Sioux Lookout’s emergency shelter now open 24 hours

By Eric Shih, Local Journalism Initiative Reporter


Sioux Lookout’s emergency shelter is now open 24 hours day.

The shelter announced the change officially on Monday, after starting all-day operations before the weekend.

Tana Troniak, executive director of Nahnahda-Wee-ee-Waywin Sioux Lookout Sexual Assault and Counselling Centre which runs the emergency shelter, said the shelter previously closed between 10 a.m. and 5 p.m.

Troniak said the change means they’ll be’ll be serving light lunches and light suppers.

She said operations have been going really well since they took over running the shelter in September.

“Our numbers have increased. We’re using our overflow rooms.” she said.

Troniak said between 25 and 30 people make use of the shelter a night and there are about 15 staff members.

“That’s how busy we are,” she said.

She said they would like to provide programming like life skills in the future.

“But it’s really about housing first. 1/8We’re 3/8 making sure everyone has some ID and 1/8has 3/8 applied for housing,” she said.

“It’s very hard to get a unit here, especially a one bedroom.

That’s why we really want to focus on getting everybody on the housing list, even if it’s going to take another year to get a unit.”

Troniak said having the emergency shelter is important because Sioux Lookout is the hub for the north.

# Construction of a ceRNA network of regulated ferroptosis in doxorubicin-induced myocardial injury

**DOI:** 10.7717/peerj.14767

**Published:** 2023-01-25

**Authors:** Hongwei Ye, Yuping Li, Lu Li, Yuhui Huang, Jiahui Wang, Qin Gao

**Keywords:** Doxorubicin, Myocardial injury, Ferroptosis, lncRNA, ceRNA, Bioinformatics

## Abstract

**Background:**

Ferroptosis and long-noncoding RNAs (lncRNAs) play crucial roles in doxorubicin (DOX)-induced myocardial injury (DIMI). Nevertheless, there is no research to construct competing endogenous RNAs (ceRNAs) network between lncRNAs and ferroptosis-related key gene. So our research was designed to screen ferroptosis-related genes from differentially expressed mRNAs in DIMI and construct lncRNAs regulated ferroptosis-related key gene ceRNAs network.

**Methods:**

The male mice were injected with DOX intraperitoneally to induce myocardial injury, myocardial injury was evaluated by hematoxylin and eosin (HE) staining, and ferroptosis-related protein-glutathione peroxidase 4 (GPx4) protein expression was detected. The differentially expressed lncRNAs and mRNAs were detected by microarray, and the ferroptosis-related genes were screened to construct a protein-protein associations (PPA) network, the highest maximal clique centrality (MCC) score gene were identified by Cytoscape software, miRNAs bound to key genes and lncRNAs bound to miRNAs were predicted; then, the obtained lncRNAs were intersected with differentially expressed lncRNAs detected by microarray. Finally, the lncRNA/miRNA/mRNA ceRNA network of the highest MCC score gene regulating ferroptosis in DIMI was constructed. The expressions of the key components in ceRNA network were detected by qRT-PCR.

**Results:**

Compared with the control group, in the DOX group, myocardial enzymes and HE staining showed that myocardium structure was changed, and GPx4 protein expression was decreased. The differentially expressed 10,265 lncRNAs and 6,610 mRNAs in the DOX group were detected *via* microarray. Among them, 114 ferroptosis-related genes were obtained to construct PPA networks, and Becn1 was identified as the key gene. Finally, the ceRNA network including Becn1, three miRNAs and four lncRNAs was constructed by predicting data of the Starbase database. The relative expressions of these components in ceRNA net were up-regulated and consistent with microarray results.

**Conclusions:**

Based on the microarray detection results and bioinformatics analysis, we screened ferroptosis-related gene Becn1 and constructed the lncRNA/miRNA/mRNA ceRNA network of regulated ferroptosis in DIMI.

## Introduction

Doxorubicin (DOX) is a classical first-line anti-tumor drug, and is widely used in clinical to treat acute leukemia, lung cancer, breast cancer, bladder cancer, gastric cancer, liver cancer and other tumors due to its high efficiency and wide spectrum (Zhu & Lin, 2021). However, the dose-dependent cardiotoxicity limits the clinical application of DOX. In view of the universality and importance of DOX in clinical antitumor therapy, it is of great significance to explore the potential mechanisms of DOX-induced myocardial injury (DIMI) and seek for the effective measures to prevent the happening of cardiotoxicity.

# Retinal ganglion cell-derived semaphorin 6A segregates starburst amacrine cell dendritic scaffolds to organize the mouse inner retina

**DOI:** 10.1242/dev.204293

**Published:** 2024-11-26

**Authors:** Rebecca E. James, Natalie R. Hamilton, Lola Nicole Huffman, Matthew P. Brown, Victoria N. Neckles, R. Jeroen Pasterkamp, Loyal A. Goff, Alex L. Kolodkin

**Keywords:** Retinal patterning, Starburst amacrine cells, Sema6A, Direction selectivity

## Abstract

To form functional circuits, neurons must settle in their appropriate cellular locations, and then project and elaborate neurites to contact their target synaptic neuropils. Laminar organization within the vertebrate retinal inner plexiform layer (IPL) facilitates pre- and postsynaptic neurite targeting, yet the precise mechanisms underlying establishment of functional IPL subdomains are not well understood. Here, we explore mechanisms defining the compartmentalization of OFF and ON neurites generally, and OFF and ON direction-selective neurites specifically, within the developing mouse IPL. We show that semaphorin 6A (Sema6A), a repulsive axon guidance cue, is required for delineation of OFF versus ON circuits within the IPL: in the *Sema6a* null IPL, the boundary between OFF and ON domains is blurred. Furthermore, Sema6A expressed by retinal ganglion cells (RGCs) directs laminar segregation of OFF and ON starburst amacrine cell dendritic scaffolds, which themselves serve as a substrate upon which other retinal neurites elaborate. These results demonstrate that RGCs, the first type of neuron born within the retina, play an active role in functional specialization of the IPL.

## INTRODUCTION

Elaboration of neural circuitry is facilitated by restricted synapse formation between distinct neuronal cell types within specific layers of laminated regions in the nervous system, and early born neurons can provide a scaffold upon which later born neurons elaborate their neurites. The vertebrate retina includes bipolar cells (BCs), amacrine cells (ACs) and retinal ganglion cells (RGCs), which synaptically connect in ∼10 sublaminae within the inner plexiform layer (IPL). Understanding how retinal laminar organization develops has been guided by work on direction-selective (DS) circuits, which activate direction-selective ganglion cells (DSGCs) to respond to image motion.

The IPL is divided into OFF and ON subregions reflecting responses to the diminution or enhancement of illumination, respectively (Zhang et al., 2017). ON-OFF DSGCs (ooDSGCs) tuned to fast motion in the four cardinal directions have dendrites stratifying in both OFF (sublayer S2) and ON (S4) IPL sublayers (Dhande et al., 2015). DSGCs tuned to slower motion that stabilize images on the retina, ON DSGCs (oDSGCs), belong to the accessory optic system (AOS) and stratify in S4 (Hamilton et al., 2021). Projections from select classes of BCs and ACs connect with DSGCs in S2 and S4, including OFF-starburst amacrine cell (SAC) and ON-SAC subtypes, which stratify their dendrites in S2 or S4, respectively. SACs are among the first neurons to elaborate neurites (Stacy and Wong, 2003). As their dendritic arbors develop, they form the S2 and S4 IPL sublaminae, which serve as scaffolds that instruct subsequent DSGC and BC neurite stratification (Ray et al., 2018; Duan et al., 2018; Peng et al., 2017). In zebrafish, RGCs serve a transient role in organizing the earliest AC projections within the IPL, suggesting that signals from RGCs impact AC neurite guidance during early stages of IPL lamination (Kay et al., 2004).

“We have 30 First Nations communities that come in,” she said.

” People could get stuck here, their flights could be missed, there’s all kinds of reasons that people have to spend the night with us.”

She said they’ve even had a couple of people from Dryden stay at the shelter because one isn’t available there yet.

Troniak said another big thing for the shelter is providing a safe place for when people are highly intoxicated.

“If we are open, as long as there’s no medical issues, they can come and sleep over at the shelter and then that way they’re not spending the night in jail,” she said. “Really it’s about decriminalizing addictions and alcohol.”

Troniak said she has high praise for the community support in Sioux Lookout.

” 1/8We 3/8 really thank them for the support they have been giving us so far,” she said. “With us being new and in a different building, it’s been really nice to see that we have so much support for our emergency shelter in Sioux Lookout.”

She said some partnering agencies which come in to provide services like vaccinations, foot care, crisis services, and meals, include the Northwestern Health Unit, Sioux Lookout **>First Nations<** Health Authority and some local church groups.

She also wanted to acknowledge the great partnership the emergency shelter and women’s shelter, which they also run, have with the local OPP detachment.

“I think they’re doing a good job in trying to support our community here,” she said. “If we’re worried about somebody that hasn’t come back, they are fast on our calls.”

She said the mayor and municipal staff of Sioux Lookout also have a great perspective on taking care of people.

“It’s a community that supports each other,” she said.

Eric Shih is a Local Journalism Initiative Reporter with THUNDER BAY SOURCE. The LJI is a federally funded program.